Benjamin Clementine was named the worthy winner of the prestigious Mercury Prize Album of the Year Award on Friday.
The little-known incredibly talented composer and pianist from Edmonton, North London, beat off stiff competition from the likes of bookies’ favourite Jamie XX and much-shouted-about Slaves to have his debut record – At Least for Now – hailed in the Mercury hall of fame.
The announcement about the London-born singer’s debut album, At Least for Now, followed archive clips of the bad behaviour of previous winners, including Jarvis Cocker.
But Clementine, 25, spent five years living on the streets of Paris before winning a recording contract, so his joy was tempered with different emotions. The piano-playing singer/songwriter broke with convention by inviting his fellow nominees, including Florence + the Machine, Slaves and Eska, on stage. Then, his face marked with emotion, he dedicated his prize to those caught up in the Paris attacks and the audience paused in silent tribute.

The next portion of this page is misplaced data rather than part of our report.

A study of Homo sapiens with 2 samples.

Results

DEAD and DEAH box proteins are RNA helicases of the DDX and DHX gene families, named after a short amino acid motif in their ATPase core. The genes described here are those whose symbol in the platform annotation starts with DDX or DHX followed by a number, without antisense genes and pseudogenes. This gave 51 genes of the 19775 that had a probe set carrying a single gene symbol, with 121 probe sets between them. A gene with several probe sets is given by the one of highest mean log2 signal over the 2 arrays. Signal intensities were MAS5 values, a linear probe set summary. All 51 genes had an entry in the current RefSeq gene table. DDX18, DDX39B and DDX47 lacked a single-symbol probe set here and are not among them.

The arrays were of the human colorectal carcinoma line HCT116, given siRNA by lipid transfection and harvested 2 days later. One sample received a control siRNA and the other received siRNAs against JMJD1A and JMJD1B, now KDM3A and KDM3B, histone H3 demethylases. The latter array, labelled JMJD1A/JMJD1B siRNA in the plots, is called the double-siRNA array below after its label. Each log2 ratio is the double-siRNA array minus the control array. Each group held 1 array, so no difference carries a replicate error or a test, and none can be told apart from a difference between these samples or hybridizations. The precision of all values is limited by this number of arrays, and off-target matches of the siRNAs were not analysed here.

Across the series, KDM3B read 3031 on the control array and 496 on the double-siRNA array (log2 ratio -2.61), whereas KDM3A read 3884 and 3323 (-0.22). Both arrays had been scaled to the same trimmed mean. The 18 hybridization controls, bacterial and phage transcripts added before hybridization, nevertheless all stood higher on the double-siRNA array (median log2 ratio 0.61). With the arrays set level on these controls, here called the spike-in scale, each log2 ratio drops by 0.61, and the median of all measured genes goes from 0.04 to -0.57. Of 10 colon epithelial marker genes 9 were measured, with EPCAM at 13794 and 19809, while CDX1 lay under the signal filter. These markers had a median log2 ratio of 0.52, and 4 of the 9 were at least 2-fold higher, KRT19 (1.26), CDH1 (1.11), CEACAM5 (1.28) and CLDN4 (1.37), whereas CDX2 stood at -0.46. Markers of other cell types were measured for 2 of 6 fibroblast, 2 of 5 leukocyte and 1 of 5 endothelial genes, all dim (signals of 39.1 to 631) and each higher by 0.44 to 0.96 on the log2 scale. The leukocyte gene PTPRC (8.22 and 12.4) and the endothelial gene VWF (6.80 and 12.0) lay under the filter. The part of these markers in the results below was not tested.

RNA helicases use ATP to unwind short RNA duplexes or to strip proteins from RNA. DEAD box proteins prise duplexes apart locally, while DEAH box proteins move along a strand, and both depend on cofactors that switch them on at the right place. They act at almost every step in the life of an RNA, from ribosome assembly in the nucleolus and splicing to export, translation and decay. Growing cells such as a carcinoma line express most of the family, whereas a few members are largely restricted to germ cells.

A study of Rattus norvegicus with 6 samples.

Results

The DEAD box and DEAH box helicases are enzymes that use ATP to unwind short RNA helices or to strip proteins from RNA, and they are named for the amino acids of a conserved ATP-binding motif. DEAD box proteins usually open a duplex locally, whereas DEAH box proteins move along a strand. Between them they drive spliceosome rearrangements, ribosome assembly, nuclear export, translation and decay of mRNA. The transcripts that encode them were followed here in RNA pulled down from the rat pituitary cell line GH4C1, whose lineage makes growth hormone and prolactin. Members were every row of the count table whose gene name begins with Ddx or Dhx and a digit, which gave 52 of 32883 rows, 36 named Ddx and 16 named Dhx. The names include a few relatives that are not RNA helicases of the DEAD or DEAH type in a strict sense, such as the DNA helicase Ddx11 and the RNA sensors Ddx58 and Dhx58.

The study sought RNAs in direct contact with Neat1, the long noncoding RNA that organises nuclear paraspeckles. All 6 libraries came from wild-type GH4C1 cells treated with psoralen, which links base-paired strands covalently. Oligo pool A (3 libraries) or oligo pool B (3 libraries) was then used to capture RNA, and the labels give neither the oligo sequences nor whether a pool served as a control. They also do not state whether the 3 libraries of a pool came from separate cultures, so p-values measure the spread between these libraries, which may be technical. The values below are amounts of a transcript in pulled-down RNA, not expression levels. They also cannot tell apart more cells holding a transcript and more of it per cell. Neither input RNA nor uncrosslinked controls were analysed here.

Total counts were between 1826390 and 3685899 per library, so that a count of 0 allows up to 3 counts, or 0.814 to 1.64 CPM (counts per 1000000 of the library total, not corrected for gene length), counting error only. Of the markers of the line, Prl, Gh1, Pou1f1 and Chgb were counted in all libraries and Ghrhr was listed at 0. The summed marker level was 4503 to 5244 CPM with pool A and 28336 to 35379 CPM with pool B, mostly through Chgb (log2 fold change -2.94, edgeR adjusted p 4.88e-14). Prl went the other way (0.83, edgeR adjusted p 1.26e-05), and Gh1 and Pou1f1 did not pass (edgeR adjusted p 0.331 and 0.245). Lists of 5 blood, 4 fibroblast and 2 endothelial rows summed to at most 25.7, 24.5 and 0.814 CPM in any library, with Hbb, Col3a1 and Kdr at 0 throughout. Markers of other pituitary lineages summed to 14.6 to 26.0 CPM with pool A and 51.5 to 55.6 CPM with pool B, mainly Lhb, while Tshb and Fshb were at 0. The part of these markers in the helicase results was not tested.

Clementine moved to Paris in 2010 at 19, carrying nothing but a suitcase full of dried spaghetti. He busked and slept in doorways all winter, graduating six months later to hostels, before eventually being spotted playing on the Métro by two French producers. “I was living nowhere, I was living in the streets. I met a lot of people but couldn’t speak the language, so I had to just get on,” he said after the ceremony.
On collecting the silver trophy from host Lauren Laverne and surrounded by his fellow nominees, he quipped: ‘Before I finish, I just want to say that I dedicate this – I know this is about music – but I dedicate it to what happened about four or five days ago in Paris,’ before breaking down in tears.
In the following press conference, Clementine spoke of his devastation on hearing of the horror that left 129 people – 89 of which were Eagle of Death Metal fans who’d been watching the band in the Bataclan Theatre when four gunmen stormed the building – dead.